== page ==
By Natasha Schuyler
In 2008, Abigail Fisher sued the University of Texas Austin for rejecting her application. Their reasoning: They wanted to accept less-qualified minority students—not another white female. Five years later, this past June, the Supreme Court voted 7-1 to uphold affirmative action in college admissions, given that schools couldn’t achieve diversity otherwise. Consequently, Fisher’s case bounced back home, its fate left for reexamination in a lower Texas court.
Fisher v. University of Texas questioned the race-conscious admissions process. Being half-black, I’ve always had an investment in affirmative action’s effects. So in the process of applying to graduate schools, I spoke to Judge Jawwaad Rasheed, Support Magistrate of the Oneida County family court system and a former admissions counselor. He explained my ethnicity gave me leverage over white applicants in the admissions process. My LSAT scores could be considerably lower than those listed on a school’s website and I still might be accepted—maybe even with a scholarship.
The problem is, I don’t think of myself as black. I’m biracial and grew up in a completely white neighborhood. I used to believe affirmative action created a barrier in the United States—as long as it existed, the country couldn’t look past skin color. And given the ridiculous standardized test scores many schools require, it’s easy to see how many people of color might think they would not be able to get into college without affirmative action.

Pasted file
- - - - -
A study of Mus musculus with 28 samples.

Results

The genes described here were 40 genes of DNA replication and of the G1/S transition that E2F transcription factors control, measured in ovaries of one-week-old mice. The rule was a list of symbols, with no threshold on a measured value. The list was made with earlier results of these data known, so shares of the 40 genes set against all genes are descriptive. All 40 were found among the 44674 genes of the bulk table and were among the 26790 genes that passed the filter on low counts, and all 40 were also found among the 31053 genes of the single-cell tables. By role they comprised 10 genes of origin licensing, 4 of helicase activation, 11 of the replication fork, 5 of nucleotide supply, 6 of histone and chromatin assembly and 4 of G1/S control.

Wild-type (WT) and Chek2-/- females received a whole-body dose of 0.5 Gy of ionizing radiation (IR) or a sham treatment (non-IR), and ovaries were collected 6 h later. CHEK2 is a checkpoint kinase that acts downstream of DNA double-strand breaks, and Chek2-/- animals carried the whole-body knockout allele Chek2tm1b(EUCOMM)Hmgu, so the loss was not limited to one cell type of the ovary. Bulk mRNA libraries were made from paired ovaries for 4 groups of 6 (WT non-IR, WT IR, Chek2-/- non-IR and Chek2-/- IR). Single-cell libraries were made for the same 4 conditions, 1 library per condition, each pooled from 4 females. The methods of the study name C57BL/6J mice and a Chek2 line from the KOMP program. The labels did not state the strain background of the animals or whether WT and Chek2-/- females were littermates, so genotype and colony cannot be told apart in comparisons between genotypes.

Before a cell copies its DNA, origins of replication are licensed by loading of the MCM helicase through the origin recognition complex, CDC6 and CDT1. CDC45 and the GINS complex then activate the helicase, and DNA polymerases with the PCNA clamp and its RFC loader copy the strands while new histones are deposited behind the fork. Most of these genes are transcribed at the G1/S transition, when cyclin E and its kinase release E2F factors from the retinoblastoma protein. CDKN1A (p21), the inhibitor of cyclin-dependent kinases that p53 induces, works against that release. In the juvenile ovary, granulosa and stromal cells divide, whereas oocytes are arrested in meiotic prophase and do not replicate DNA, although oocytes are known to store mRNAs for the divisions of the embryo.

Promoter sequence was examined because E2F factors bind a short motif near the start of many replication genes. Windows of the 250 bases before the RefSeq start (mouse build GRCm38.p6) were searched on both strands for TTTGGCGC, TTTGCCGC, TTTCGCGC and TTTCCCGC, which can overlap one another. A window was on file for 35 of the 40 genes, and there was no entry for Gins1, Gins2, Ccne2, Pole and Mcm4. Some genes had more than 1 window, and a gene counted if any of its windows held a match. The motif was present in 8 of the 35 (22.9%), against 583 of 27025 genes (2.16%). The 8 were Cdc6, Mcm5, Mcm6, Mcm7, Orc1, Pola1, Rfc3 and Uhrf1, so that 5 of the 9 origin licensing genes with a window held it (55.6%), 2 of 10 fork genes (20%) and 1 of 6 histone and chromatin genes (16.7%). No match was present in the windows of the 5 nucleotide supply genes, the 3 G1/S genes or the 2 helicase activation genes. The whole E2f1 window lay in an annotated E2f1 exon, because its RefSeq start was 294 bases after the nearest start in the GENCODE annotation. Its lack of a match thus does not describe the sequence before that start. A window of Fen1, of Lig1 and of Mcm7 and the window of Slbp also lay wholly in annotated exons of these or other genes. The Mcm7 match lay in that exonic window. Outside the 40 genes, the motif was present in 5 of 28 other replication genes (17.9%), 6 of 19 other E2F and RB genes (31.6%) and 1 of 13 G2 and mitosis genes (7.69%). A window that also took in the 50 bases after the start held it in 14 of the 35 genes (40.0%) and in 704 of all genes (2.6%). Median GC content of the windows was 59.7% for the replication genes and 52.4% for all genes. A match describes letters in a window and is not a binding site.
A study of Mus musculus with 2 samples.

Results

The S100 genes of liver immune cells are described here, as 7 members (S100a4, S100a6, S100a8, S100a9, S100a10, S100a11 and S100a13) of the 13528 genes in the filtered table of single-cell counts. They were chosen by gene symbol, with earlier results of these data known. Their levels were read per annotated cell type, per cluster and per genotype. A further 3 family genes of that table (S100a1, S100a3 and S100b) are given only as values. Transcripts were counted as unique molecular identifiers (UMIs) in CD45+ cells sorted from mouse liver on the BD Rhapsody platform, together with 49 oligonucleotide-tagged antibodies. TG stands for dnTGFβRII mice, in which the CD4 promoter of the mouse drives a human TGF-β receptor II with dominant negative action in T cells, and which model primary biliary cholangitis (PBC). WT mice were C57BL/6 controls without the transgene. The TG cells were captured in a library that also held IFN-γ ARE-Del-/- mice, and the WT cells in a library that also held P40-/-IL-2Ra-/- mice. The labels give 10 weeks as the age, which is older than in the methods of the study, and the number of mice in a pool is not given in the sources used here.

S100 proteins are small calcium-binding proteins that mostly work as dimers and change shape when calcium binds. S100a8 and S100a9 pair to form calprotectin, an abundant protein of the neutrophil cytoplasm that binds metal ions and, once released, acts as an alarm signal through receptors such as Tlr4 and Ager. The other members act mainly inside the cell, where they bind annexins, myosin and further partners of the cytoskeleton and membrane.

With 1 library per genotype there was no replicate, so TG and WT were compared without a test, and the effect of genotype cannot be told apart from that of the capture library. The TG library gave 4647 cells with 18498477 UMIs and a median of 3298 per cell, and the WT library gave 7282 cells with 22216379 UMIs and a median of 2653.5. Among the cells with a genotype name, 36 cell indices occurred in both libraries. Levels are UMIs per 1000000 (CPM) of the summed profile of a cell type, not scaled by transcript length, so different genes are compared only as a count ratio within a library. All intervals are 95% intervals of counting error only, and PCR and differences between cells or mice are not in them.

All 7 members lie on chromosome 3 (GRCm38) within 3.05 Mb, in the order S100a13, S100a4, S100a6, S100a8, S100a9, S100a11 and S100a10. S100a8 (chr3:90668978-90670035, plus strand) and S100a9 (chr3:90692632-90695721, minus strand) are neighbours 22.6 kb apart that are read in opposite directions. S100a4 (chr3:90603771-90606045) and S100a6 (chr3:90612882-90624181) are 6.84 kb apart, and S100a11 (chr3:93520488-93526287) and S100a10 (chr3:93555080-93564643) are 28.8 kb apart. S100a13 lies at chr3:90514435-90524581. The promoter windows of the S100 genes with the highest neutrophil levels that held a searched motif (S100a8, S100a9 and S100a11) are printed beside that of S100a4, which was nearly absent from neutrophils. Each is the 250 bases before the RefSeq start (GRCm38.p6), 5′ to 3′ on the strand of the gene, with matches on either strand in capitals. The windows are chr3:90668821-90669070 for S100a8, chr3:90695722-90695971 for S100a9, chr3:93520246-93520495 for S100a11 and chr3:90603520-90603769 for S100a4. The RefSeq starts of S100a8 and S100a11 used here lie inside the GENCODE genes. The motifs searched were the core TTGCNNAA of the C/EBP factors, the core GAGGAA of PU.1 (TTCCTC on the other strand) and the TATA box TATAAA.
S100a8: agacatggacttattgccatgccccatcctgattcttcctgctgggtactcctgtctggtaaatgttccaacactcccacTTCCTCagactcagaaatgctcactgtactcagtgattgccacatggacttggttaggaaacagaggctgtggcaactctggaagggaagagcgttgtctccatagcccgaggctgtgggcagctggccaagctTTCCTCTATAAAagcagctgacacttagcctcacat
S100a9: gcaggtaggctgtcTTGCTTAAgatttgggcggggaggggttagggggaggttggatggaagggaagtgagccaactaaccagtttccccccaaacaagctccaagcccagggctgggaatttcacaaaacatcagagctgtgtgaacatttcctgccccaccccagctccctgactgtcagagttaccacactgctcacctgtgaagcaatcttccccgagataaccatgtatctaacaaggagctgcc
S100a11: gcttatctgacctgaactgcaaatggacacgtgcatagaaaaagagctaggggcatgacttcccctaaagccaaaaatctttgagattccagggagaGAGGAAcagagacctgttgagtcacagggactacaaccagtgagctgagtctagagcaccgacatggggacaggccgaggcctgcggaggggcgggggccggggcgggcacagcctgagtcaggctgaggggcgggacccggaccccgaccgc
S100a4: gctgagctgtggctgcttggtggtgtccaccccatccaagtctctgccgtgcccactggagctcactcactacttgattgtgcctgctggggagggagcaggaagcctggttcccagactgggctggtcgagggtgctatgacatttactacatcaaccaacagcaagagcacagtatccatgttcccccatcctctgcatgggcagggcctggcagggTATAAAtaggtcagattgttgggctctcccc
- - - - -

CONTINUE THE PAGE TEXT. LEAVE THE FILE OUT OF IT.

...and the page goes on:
But it’s in this way that the stigma associated with affirmative action is created. “People think it’s taking a black person off the street with an eighth grade education, putting them in a college setting, and expecting them to do the work—that is not the case,” Rasheed says. Just because affirmative action may give students of color may an advantage over a white student, doesn’t mean they aren’t qualified to receive a solid college education. Especially when most schools’ required SAT or LSAT averages are kept unrealistically high to justify accepting a low percentage of applicants. And that’s not because the work is so difficult that only 10 percent of the applicants can do it.
As universities skew the numbers to make themselves look far more elite than they actually are, they create the stigma that affirmative action is a cop out for anyone it applies to. Is affirmative action unfair? Perhaps. But it’s not because institutions are lowering expectations for minorities, but because they don’t offer the opportunity of higher education to those who meet the realistic admission scores. Admission should be based on more than if an applicant fits into a certain ethnic checkbox. By broadening the parameters of affirmative action, students who deserve to be in college would be—leveling the playing field for all of us.